Red Hat Bugzilla – Bug 382691
createrepo takes a long time over nfs
Last modified: 2014-01-21 18:00:41 EST
Description of problem:
when I test the rhel5 kernel, I usually run 'make test' from the cvs directory.
This kicks off the createrepo command which looks something like
mkdir -p /work/public_html/dist-cvs-repos/kernel-2.6.18-56.el5
where /home/dzickus is my autofs home directory up in Westford and /mnt/redhat
is nfs mounted to get me the brewroot packages
currently it takes about 45 minutes for this to complete. If I were to log on
to porkchop and run the same command, it takes around a minute or so.
It seems the nfs connection is slowing things down. Now I understand there will
be latency issues from Raleigh to Westford and running this on porkchop produces
an ideal scenario. However, I was hoping that running this over nfs in Westford
would cost me about 5 minutes instead of the 45 minutes.
Version-Release number of selected component (if applicable):
Steps to Reproduce:
1. run make test over an nfs mounted /mnt/redhat directory
umm - why is this filed against createrepo? How could createrepo make the rate
of reading/writing files to nfs any faster?
I don't know the internals of what createrepo is doing and haven't noticed any
other performance problems with the other scripts I use on that directory.
I just ran the following test
- cp all the rpms from packages/kernel/2.6.18/56.el5 to a local directory and
ran createrepo on that -> 20 minutes + 1.5 minutes = 21.5 minutes total
- createrepo using nfs mounted rpms -> 26.5 minutes
It seems odd that it would be faster to copy everything over and run createrepo
on that rather than run createrepo on the nfs mount.
Perhaps the bug is somewhere else (glibc, kernel nfs, etc) but I don't know how
to prove that so I am starting here. I am hoping someone with internal
knowledge of createrepo can help me diagnose and point me in a direction to
where I can find the root cause here.
Wait you care about 21.5 mins vs. 26.5 mins? That's like a 23% increase. 1 min
vs. 45 mins, I can see why you'd care.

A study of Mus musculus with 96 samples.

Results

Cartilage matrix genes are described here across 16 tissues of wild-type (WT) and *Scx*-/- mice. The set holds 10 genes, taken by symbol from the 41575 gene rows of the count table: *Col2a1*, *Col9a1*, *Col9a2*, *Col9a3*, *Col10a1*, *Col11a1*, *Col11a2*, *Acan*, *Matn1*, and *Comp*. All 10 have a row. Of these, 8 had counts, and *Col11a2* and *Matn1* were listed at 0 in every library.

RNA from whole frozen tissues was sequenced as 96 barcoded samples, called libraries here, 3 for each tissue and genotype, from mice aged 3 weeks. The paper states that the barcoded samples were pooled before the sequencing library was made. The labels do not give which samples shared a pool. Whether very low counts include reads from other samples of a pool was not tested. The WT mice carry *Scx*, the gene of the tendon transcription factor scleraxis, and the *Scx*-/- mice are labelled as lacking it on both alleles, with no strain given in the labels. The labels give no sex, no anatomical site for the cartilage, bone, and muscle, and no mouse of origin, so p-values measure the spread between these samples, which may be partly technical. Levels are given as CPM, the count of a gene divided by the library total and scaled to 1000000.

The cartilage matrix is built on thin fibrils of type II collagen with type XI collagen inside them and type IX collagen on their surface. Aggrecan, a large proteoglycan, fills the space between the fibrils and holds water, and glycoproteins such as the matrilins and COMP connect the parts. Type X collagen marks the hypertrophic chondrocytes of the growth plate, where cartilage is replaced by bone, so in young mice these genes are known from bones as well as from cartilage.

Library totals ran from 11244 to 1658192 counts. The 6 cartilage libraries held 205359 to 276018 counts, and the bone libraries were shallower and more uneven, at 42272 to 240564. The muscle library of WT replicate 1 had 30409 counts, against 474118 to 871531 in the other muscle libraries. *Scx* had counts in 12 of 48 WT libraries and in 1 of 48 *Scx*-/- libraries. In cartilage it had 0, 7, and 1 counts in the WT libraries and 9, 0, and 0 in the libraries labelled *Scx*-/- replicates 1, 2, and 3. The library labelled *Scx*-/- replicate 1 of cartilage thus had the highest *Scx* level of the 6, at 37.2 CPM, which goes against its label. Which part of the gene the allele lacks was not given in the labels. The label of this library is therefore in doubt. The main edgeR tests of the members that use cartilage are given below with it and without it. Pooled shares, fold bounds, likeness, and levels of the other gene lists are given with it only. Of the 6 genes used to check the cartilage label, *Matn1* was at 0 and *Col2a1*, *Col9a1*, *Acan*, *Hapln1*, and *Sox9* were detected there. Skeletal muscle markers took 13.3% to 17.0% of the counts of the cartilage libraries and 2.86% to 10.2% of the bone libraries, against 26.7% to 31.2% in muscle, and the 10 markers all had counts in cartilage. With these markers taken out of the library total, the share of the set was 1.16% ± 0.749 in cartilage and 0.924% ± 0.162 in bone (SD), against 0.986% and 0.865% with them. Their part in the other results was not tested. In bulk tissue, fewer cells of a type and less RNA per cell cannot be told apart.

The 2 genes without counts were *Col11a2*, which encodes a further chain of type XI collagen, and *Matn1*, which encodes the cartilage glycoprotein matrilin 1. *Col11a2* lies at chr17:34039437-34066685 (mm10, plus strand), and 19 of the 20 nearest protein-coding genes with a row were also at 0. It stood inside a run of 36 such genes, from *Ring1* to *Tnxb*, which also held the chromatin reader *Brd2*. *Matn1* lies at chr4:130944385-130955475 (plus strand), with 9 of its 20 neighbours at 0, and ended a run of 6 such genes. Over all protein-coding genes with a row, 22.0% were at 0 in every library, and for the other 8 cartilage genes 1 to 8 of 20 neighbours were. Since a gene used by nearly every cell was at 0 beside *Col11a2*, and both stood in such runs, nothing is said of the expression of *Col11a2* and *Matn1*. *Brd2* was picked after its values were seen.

You could try using --cachedir to help out on the write side, but as seth says
we really can't do anything about the read side (apart from recommending you
have a real local copy in westford).
Please re-read my comment #2.
I care about 1.5 minutes vs 26.5 minutes. The 21.5 minutes was an example test
case to demonstrate that createrepo seems broken.
So the total read time over nfs took 20 minutes.
the total createrepo time took 1.5 minutes
running createrepo on files in nfs means:
1. read the files over nfs
2. make the metadata
so, um.. what?
I assumed createrepo was smart in the sense it wouldn't read _all_ 2.6GB of data
in order to create the metadata but instead just read the rpm metadata which
would be considerably smaller.
Perhaps my assumption is wrong?
createrepo has to checksum and in some cases gpg check every package. So there's
no way to just read that data.
I don't believe it is possible to checksum a file w/o reading ALL of it.
Hmm. Interesting. I didn't realize createrepo checksums the whole package. I
guess that would make sense for the long wait.
Now, out of curiousity, I thought (from a high level perspective here) that rpm
would checksum and sign the payload, storing it in the rpm header. While
yum/createrepo would just checksum and sign the header. This way the payload
checksum is calculated at rpm creation time saving yum effort in re-calculating.
Then upon remote downloading an rpm, verification would occur in two steps:
verify the header, use the info inside the header to verify the payload.
I mean why should yum care about the payload? All it does is handle a
collection of rpm headers, right?
Or is it because yum has to deal with broken rpm headers?
Just trying to overcome my ignorance in this area. I wandered in to the rpm
source code numerous times to look at other performance problems. The house of
mirrors scared me enough to leave it be.